Two systems will be moving across Kentucky over the next 5 days. Each will bring precipitation... but each will be very different. Let's examine the two systems.
It appears that the first system will have plenty of moisture, but lacking in the cold air department. Timing has very little to do with anything with this one. If it arrives day or night it will still produce rain. Temps will climb in the warm sector of the low and this keeps everything rain. There will be some damage done to the temps, but only a little. Inside that warm sector I believe temps will dance all around or maybe with 60 degrees. Generally, highs will stay in the 40s to around 50 both Sat & Sun after the front moves through.
WRF Friday Afternoon
GFS Friday afternoon.
Both of these have sped up the system and basically have it out of here by early Saturday morning. I'll agree... This means most of Saturday will likely be on the dry side.
The second system will leave a deeper impression into our weather pattern. At least for a couple of days. This will have some truly cold air associated with it and has the potential to bring wintry weather back to eastern Kentucky. The arrival time looks to be Sunday afternoon. Highs will climb into the 40s earlier that day and quickly fall into the 20s by late that evening. This packs little more of a punch, but it is only temporary.
GFS Sunday afternoon
Canadian Sunday afternoon.
The Canadian has less moisture than the GFS but bot have pretty similar timing on cold air.
"I'm dreaming of a White Christmas" Though I may not be dreaming about one at all. If tomorrow could be Christmas Eve and the models were still showing what they are showing... I'd put you on high White Christmas Alert. The problem is.. there could be some flip flopping between now and then.
I am a little absent minded at times.. well all of the time... and I can't remember but maybe a couple of Christmas holidays that were snow white. Granted... I am not as old as most of you think and I haven't seen too many, but I really can't remember many at all.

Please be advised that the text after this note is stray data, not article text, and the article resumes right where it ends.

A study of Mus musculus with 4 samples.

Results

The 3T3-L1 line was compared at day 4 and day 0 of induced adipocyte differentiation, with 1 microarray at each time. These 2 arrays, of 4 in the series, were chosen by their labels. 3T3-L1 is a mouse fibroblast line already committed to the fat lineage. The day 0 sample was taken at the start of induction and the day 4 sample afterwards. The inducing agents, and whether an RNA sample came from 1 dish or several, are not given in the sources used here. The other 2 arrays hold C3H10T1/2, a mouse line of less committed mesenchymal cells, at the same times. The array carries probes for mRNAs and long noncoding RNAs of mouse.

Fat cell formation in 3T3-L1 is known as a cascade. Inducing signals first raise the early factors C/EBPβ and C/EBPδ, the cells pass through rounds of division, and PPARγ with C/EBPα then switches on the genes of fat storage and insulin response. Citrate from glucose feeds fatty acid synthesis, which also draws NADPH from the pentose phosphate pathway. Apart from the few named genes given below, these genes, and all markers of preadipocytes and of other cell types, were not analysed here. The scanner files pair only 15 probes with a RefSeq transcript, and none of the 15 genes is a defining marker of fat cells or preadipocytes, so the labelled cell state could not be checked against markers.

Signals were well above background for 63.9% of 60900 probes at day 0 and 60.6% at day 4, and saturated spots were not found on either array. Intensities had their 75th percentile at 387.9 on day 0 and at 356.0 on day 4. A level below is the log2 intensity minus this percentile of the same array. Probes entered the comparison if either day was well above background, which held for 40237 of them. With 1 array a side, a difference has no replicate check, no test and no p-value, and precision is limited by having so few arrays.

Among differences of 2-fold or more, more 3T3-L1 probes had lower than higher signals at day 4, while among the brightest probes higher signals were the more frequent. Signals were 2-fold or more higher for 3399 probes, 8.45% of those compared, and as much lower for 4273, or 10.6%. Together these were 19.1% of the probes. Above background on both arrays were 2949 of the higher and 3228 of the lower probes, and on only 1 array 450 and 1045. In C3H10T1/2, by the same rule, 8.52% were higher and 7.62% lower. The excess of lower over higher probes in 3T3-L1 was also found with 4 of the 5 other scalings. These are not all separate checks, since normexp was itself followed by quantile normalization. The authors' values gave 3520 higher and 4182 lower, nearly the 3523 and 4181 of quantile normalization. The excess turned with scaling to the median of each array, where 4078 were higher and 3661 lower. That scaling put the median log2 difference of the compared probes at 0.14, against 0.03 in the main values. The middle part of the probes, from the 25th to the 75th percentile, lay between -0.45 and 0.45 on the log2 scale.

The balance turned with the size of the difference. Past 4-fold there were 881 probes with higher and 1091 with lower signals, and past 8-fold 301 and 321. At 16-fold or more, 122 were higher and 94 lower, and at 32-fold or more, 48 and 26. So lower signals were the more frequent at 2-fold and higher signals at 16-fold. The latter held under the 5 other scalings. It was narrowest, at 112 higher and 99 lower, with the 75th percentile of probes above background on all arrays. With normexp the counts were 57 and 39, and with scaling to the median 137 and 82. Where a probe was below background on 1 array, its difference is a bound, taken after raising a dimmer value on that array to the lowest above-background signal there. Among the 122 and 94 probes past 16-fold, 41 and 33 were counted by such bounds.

Before we talk White Christmas... you have to learn what it really means. This is how NOAA defines a White Christmas
A white Christmas is defined as an observation of at least 1 inch of snow on the ground sometime during Christmas day or night. The snow does NOT need to fall on Christmas day. Also, the snow does not need to last for the entire day. 1 inch of snow Christmas morning can melt by noon and you still have a white Christmas.
So what are the odds of a white Christmas? Of course, for any given year, the probability can be altered by the current weather pattern prevailing during late December, but the use of climatology allows a first guess. If over the last 100 years, there have been 20 Christmases deemed "white," then the probability is one in five or 20 percent. Now that figure may be optimistic since it is acknowledged that the first half of the 20th Century was colder than most of the later decades across the North American continent, and perhaps the most recent climate normals should be used to determine a probability.
The report on the probability of a white Christmas in the United States was written by meteorologists Neal Lott, Tom Ross, and Matthew Sittel with the National Climatic Data Center (NCDC). The database used in the study was the previous climate normals period 1961-1990. (I can find no similar analysis using the latest normals.)
The analysis from the National Climate Atlas of the statistical probability (in percent) of at least one inch of snow on the ground on Christmas Day can be visualized in the map given below for the contiguous states. (Probabilities are high for most of Alaska and nil for Hawaii, except at the higher elevations of Mauna Loa.
I am going to rate the WC chances here on a very simple scale.
We are still pretty far out, but if I had to make the call today I'd say
Yes - Snow Flying Around.
I am even leaning towards on the ground!!!! It'll get more interesting as I update this daily.